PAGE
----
File photo | Jason Rosenbaum | St. Louis Public Radio
Jay Ashcroft

On the latest edition of Politically Speaking, St. Louis Public Radio’s Jason Rosenbaum and Jo Mannies are pleased to welcome secretary of state aspirant Jay Ashcroft to the program for the first time.

There are two reasons the name "Jay Ashcroft" may sound familiar, especially to St. Louis County residents: The Republican attorney and engineer unsuccessfully ran for the state Senate in 2014. And his father, John Ashcroft, served as Missouri’s auditor, attorney general, governor and U.S. senator. John Ashcroft also served as U.S. attorney general under President George W. Bush.

The race for secretary of state is wide open this year, thanks to incumbent Secretary of State Jason Kander’s decision to run for the U.S. Senate. So far, Ashcroft and state Sen. Will Kraus, R-Lee’s Summit, are running the GOP primary for the office. Retired newscaster Robin Smith and perennial candidate Bill Clinton Young are seeking the Democratic nomination for the post.

(Kraus was a guest on Politically Speaking last year. You can listen to his show here.)

The skirmish for secretary of state may not get as much attention as, say, the gubernatorial race. But the office perhaps touches more ordinary people’s lives than other statewide posts. After all, Missouri’s secretary of state is responsible for monitoring elections, registering businesses and regulating securities.

Here’s what Ashcroft had to say during the show:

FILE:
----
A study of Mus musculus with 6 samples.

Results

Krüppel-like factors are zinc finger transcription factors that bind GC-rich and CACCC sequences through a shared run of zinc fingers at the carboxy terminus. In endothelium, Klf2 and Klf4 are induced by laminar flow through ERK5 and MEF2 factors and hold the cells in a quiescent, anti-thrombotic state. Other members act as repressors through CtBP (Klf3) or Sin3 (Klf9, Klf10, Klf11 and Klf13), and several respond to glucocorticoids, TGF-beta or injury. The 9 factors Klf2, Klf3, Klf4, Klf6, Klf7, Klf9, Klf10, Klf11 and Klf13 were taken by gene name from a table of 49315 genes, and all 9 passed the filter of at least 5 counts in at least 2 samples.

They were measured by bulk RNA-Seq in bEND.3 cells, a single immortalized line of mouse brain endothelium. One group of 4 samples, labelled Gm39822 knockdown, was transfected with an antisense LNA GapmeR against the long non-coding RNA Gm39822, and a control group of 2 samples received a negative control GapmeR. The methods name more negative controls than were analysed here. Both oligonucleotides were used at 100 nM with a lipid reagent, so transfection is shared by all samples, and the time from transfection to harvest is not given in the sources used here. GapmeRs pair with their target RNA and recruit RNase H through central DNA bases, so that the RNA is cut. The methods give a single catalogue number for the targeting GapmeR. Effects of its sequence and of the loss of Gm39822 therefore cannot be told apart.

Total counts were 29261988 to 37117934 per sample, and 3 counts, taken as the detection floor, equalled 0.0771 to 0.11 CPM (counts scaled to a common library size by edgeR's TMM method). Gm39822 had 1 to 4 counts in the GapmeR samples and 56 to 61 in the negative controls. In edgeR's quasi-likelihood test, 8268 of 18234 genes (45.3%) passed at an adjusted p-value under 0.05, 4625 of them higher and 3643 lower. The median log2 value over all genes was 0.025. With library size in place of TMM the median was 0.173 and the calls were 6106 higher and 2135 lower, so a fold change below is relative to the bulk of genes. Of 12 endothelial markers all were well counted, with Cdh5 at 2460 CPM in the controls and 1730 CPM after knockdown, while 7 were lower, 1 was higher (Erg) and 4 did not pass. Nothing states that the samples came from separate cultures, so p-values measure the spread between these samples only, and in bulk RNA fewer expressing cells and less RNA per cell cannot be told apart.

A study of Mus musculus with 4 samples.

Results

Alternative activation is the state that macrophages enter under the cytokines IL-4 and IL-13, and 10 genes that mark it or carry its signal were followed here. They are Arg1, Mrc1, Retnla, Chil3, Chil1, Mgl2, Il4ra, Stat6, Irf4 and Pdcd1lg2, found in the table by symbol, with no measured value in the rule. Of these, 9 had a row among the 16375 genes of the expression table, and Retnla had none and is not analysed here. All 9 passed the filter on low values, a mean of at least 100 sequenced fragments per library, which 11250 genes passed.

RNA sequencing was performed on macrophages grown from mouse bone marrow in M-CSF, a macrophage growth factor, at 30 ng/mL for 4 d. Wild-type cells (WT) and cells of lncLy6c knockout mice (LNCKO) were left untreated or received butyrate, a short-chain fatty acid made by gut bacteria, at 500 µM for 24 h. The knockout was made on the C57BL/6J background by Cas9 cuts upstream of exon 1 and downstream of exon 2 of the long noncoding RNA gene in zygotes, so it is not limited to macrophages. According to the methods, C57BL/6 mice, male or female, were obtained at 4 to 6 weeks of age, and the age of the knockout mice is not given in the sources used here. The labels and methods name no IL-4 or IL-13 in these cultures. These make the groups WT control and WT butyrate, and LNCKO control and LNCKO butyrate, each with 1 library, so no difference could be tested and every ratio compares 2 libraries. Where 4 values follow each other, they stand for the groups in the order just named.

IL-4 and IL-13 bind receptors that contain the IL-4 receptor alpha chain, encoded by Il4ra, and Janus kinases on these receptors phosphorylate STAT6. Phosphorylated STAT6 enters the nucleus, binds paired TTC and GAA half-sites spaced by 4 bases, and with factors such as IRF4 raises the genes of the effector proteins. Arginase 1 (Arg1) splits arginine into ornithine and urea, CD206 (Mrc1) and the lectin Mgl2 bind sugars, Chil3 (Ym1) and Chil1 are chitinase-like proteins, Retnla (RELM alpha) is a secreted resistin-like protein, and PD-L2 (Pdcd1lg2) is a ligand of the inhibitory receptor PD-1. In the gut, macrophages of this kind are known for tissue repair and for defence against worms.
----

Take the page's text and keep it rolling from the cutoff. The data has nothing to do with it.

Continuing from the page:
• Ashcroft lost to Sen. Jill Schupp, D-Creve Coeur, in an expensive battle for the 24th Senatorial District. But he says he learned a lot from that contest, which he notes was an election for a Democratic-leaning district. “I think it instilled in me the understanding that you always do your best,” he said. “Things of lasting importance are not done easily. They are not accomplished without effort.”
  • Like Kraus, Ashcroft supports requiring a government-issued photo ID to vote. He’s organized a constitutional amendment for the issue, which Republicans have supported for years. (Kraus is also a supporter of “photo ID.”)
  • Ashcroft doesn’t buy the argument from Democrats that a photo ID requirement would make it harder for the elderly or lower-income Missourians to vote. He noted that enabling legislation would provide free IDs to people who can’t afford them. “If there are people that don’t have those, we’re bringing them more closely into society and allowing them to participate in areas that they’ve been locked out of,” Ashcroft said. “Not just doing that, but we’re also protecting their vote.”
  • Since the secretary of state’s office maintains a lot of data, Ashcroft says he wants to make sure that sensitive information from Missourians is protected against any potential cyber-attacks.
  • John Ashcroft has stumped for his son at some GOP events, including last month’s Lincoln Days event in St. Louis. Jay Ashcroft says his father may be on the campaign trail for him over the next few months.

Follow Jason Rosenbaum on Twitter: @jrosenbaum

Follow Jo Mannies on Twitter: @jmannies

Follow Jay Ashcroft on Twitter: @jayashcroftmo

Music: “Big Bang Baby” by Stone Temple Pilots 

Jason is the politics correspondent for St. Louis Public Radio.
Jo Mannies is a freelance journalist and former political reporter at St. Louis Public Radio.